The right way to cut the cheese
Credit: Photo via Getty Images

When it comes to cheese, I’m a bit of a philistine. Sure, I know the difference between brie and Parmesan and I certainly don’t always buy mozzarella pre-grated, but when it comes to the next level of knowledge, I’m no cheese authority—especially when it comes to slicing. If I’m cutting cheese. I tend to use, you know, a knife. But it turns out that grabbing any old paring knife to take down that wedge of Gouda might actually hurt the cheese more than you think.

“The essence of using different types of cheese knives is all about keeping the cheese in its original and in a presentable shape after cutting,” Martijn Bos, Owner and CEO of Boska Cheesewares, told me in an email. Bos explained that while there are many types of cheese knives, there are four basic knives every cheese-lover should have, especially if they want to truly appreciate the food in the manner it was intended by the cheesemongers.

Credit: Photo courtesy Boksa

The Slicer

Many of us probably have this flat, yield-sign-shaped tool in a kitchen drawer, though it’s probably at least 10 years old and very dull. Do yourself a favor and buy a new one to slice medium hard cheeses like Gouda, Jarlsberg, Emmental, and Gruyère. “The slicer creates thin slices that exposes the cheese to more air,” says Bos. “Just like wine, the more cheese comes in contact with air, the more flavor you’ll get from it."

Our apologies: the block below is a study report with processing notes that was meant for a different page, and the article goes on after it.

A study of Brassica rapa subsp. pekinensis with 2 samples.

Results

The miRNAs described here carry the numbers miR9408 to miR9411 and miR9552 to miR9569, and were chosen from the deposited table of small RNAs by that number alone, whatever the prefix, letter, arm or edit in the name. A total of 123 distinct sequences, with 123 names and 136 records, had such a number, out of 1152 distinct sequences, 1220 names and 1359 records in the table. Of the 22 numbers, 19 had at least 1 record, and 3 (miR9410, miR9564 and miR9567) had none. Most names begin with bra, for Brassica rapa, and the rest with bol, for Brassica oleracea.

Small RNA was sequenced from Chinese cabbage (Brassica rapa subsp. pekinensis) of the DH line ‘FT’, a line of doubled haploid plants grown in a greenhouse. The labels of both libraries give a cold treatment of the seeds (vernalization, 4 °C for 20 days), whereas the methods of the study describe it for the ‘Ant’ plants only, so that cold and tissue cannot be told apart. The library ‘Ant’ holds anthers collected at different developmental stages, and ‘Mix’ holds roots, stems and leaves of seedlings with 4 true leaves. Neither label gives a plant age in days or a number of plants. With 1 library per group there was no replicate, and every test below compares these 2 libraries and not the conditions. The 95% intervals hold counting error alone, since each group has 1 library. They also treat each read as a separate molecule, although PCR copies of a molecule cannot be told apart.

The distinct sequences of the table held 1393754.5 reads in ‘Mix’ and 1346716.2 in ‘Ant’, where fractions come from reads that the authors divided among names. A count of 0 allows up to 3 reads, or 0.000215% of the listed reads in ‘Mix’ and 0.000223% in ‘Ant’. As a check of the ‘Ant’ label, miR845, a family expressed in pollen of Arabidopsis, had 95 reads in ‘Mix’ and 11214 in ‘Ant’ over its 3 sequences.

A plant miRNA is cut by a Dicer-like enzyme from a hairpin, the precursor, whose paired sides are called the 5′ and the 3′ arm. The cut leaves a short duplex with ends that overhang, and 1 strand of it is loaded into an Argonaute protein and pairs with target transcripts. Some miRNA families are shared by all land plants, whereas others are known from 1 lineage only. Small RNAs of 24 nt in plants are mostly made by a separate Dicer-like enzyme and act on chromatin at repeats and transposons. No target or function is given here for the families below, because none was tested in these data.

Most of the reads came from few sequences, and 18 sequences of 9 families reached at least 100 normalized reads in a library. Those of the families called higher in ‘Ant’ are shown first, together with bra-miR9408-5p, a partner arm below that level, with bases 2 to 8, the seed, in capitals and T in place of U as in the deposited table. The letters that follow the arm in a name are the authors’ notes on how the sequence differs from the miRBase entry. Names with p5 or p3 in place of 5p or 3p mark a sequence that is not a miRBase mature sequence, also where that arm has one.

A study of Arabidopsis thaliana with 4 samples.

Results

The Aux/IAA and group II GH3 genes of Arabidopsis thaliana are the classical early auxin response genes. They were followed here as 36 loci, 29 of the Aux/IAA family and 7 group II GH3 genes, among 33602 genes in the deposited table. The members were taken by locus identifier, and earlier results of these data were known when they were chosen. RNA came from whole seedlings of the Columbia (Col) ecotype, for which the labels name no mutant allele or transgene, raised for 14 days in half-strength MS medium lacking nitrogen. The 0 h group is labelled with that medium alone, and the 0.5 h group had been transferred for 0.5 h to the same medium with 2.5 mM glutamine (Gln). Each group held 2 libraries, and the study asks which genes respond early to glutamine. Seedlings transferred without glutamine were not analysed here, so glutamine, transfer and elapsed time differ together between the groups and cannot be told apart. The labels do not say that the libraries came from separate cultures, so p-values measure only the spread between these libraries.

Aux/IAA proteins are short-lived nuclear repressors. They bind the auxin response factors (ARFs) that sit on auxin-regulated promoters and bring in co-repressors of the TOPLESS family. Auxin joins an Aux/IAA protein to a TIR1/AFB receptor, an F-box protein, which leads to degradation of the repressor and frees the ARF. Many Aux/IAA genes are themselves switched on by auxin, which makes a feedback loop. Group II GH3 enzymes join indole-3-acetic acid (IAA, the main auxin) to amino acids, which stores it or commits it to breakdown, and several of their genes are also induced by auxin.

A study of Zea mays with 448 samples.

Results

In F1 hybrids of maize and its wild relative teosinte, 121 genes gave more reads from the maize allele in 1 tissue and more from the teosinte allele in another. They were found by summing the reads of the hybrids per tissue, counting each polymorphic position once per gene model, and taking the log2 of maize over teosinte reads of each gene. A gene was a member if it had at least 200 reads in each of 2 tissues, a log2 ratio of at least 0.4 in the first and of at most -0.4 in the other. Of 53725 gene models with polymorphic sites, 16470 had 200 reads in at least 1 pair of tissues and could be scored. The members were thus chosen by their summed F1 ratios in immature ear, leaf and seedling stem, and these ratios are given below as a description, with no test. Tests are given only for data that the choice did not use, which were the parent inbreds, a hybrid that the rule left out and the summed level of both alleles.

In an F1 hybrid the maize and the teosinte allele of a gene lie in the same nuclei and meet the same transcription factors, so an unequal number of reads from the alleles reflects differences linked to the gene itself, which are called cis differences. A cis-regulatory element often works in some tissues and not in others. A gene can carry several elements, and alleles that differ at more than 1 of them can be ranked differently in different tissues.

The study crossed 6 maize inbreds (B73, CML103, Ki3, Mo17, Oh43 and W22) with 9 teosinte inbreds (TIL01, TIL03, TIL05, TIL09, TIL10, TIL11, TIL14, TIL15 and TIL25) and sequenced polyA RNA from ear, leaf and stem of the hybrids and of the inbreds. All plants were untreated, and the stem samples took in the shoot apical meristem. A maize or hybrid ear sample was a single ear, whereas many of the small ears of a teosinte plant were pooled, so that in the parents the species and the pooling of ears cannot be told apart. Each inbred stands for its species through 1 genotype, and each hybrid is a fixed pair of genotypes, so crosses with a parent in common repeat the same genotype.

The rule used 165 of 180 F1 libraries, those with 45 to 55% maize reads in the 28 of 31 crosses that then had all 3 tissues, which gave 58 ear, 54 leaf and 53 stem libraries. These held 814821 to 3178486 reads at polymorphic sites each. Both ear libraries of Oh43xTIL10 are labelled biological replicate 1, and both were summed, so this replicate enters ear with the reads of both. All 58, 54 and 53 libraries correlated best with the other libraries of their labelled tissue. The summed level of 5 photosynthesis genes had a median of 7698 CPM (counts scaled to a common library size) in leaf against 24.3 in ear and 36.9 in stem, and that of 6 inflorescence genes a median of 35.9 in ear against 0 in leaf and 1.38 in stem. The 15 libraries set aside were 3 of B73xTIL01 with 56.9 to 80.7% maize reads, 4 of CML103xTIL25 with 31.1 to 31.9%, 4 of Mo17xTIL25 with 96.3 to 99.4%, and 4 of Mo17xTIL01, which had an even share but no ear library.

The Openwork Knife With Round Holes

This knife is for softer cheeses like Gorgonzola or brie. According to Bos, “The holes ensure less contact with the cheese meaning the blade doesn’t stick to the cheese, making it easier to cut and create more presentable pieces.” Bos also added that this knife (and the remaining two basic knives) have a forked tip, which allows you to hand a piece of cheese to someone without actually touching it.

The Openwork Knife With Rectangular Holes

Similar to the knife with rounded holes, this knife is very versatile, and can be used with any soft cheese like brie, to semi-hard cheese like cheddar or Monterey Jack. Because it's structually weaker than a full knife, it's not the best choice for very hard cheeses.

The Presentation Knife

This classic French style cheese knife is suitable for semi-hard cheeses and for harder cheeses like Parmesan. “A harder cheese, like Parmesan, requires breaking to create bite-sized chunks. Therefore the blade of a hard cheese knife is thicker and stronger, the blade will not bend, making it safe to handle,” says Bos. “When you break hard cheeses, the cheese will crack at the point where it wants to crack.” Additionally, Bos noted using the presentation knife to crack the cheese instead of slicing it will help the cheese taste better. “Many harder cheeses contain protein crystals that will crack open when the cheese cracks where it wants to crack, this leads to extra flavor from your cheese.”